On Abbasid Poetry

Article appeared in Emel magazine Issue 76 January 2011. Reproduced with kind permission.

The first in a collection of pieces delving into Islamic history and its relevance today, Tam Hussein explores the power of poetry in the Abbasid Empire and its subsequent influence on the analysis of the Qur’anic language.

In the 8th century, al-Mansur the second Abbasid caliph, overheard his son reciting an ode of the pre-Islamic poet al-Musayyab to the philologist and tutor al-Mufaddal al-Dabbi. After the lesson, he expressed his pleasure at the poem saying, “If only someone would collect the best verses of these poets.” Al-Mufaddal did exactly that and bequeathed to Qur’anic exegetes, philologists and lovers of literature one of the finest anthologies of short verse in the Arabic language.

Al-Mufaddal’s academic efforts however, were not untypical of the litterateurs, poets and scholars of the Abbasid period (750-1258CE). In fact, their combined effort resulted in Arabic prose and poetry flowering and leaving their mark in world literature. Take for example the poet Abu Nuwas (756-814). This irresolute Marlowesque wordsmith is best known to us as the hedonistic trickster in The Arabian Nights, but his poetry influenced Urdu verse just as much as it influenced the quatrains of Omar Khayyam and Hafiz. It is no exaggeration to say that since the establishment of Baghdad in 762 to its destruction in 1258, thousands of literary figures passed through the heart of the Islamic empire and enriched our common heritage.

But why would a caliph, whose empire stretched from the borders of India to North Africa, be so concerned with the trifling matter of poetry? Because al-Mansur understood the power of language. He came from a tradition where words uttered by men could mean life and death; for in the harsh climate of Arabia where one might bite into the bitter colocynth to stave off hunger, traverse vast distances for pasture, and fight men whose ancestors had insulted yours – the word was the only thing that was valued. This portable capital could, if recited to a king or patron, earn one honour, fame and gold. A vitriolic insult set to verse could gain victory even before swords had clashed. A wrong turn of phrase on the other hand, could be your last as the case of the famous Mutannabi (915-965) showed. He was killed by a tribal leader whom he had previously lampooned. Hence, al-Mansur understood that sticks and stones didn’t break bones but words certainly did. The Abbasid revolution had started with people reciting invective verses against the Umayyad dynasty and ended with his brother al-Saffah, ‘the blood shedder’ seizing the Caliphate by massacring the whole clan at a banquet. Al-Mansur knew he had a problem of legitimacy and in true Arab fashion put forward the poets to propagandise the right of the Abbasids to rule.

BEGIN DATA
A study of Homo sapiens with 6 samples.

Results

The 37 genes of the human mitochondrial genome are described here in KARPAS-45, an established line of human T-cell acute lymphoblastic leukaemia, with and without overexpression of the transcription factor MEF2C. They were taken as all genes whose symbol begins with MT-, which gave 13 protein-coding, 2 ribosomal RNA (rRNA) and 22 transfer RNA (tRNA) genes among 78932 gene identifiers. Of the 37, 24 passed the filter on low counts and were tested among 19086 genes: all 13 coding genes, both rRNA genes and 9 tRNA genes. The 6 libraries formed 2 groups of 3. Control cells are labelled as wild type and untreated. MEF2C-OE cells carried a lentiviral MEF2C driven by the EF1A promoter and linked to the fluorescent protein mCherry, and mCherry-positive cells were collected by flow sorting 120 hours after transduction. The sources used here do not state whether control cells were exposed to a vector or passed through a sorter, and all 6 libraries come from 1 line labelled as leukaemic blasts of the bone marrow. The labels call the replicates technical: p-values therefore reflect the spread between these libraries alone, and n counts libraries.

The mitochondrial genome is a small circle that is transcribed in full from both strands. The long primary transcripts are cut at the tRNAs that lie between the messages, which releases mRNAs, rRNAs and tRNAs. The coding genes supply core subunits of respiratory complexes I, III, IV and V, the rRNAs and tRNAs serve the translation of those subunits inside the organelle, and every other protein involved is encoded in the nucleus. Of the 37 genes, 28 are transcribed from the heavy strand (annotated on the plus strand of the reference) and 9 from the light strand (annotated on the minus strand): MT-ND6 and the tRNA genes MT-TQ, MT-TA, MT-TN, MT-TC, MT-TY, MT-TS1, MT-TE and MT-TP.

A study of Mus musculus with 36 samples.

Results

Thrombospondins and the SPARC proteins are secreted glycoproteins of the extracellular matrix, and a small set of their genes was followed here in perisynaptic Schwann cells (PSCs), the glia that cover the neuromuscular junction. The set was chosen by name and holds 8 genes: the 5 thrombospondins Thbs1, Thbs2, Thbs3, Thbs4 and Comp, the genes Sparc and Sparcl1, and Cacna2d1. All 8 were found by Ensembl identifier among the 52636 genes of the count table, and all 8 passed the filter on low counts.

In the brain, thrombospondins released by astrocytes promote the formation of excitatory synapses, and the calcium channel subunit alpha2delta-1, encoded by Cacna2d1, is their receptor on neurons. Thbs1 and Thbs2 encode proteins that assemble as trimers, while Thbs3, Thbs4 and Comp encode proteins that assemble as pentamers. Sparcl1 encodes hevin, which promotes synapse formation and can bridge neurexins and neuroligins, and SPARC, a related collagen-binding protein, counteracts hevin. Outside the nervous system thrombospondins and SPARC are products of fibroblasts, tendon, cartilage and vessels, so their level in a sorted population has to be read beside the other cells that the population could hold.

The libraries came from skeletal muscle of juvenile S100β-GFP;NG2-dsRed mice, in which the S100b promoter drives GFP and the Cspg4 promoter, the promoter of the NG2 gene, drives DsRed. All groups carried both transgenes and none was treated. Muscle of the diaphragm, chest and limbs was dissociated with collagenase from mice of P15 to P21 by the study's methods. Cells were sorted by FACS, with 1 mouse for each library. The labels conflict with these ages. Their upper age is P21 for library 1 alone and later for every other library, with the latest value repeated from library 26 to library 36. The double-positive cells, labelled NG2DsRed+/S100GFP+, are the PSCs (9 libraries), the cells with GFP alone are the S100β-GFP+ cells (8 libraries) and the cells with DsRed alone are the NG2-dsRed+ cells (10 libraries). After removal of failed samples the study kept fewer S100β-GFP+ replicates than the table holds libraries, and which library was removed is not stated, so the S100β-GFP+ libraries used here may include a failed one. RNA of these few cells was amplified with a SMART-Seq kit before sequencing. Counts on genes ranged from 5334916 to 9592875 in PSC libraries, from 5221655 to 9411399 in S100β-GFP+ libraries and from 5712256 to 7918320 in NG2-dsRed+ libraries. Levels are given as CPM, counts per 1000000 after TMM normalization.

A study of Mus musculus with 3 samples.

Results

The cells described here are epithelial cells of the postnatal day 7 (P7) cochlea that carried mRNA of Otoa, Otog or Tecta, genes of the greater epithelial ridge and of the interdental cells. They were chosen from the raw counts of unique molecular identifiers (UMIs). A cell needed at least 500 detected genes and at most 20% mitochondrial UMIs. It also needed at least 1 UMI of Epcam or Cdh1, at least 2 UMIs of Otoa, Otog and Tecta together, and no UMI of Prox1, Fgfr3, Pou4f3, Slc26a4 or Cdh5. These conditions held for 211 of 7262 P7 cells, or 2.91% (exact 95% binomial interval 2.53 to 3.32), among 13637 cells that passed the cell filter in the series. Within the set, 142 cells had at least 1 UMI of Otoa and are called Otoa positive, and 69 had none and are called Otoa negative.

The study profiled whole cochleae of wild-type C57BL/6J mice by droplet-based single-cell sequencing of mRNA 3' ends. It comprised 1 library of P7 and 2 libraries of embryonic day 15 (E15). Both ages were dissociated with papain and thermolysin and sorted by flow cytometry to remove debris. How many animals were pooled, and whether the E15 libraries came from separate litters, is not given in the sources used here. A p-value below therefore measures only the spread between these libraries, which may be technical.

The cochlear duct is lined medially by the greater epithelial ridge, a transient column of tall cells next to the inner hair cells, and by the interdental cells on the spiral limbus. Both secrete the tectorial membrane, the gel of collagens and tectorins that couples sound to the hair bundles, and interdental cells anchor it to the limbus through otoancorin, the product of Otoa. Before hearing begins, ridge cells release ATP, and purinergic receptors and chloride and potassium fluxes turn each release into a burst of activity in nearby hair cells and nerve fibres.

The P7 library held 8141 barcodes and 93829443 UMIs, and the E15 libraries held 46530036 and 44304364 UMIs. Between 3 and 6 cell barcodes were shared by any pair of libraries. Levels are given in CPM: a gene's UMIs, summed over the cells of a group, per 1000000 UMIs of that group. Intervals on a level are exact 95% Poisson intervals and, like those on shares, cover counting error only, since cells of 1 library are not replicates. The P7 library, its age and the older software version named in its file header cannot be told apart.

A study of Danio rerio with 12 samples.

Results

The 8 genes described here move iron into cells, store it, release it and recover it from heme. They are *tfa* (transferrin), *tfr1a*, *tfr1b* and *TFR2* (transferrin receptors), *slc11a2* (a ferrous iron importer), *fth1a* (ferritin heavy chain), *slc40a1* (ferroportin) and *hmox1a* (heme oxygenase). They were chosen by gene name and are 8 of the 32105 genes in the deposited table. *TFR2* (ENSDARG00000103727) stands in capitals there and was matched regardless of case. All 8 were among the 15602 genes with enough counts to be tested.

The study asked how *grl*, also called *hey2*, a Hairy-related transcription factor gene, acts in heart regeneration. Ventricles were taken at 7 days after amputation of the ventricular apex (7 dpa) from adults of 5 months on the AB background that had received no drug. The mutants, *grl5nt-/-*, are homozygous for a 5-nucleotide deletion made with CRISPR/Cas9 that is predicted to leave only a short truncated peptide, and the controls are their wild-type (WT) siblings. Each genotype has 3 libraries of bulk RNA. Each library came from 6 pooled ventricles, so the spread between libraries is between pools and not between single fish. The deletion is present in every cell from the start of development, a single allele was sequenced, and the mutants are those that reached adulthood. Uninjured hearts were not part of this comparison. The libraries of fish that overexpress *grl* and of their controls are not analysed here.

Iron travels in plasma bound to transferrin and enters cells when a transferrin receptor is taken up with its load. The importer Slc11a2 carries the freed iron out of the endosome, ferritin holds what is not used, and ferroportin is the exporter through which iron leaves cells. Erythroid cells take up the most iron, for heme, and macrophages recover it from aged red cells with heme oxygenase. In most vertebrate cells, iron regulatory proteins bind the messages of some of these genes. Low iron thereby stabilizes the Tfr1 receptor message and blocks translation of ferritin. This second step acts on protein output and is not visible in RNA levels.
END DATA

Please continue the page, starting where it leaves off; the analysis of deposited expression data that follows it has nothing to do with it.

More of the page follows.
Consequently, it was Abbasid patronage that created a climate where poets flocked to Baghdad in order to harvest the fruits of Abbasid generosity. Whilst these poets and litterateurs were far from being paragons of virtue, they excelled in verse, created new poetic forms, contributed to philology and literature, thereby inadvertently preserving the linguistic miracle of the Qur’an. Thus when al-Hatimi, the courtier and literary critic, turned up at a salon in Baghdad in 963 where the poet Mutanabbi was giving lessons to his students, what resulted from their heated discussions was a clarification on the meaning of hyperbole and metaphor, which ultimately furthered our understanding of the Qur’an. Even when poets exchanged insults they preserved the ingenuity of the classical language. To illustrate this, when Jarir (d.728), the famous Umayyad poet insulted his rival, al-Farazdaq (d.730) by attacking the virtue of his sister, Jarir forgot that he was from the tribe known as Banu Kulayb (loosely translated as ‘the sons of the puppies’). And although classical Arabic does not possess any words of profanity, al-Farazdaq responded with verses that ran on the theme of dogs: bitches and their puppies. Whilst comic, this famous exchange is to this day studied in order to comprehend the sheer complexity of the Qur’anic language.

It is true that scholars of the time warned against the wordsmith, but in spite of their irreverent personalities the scholars recognised that there was genius in some of these artists. They appreciated that Bashar ibn Burd (714-784) may have been obnoxious, but he was a great poet especially considering that he was blind from birth. They acknowledged that the language of the Qur’an could be preserved in the unlikeliest people and so continued to study them. And whilst modern Arab poets have done well to draw inspiration from Western literature we have preferred to ignore some of the most remarkable achievements in world literature.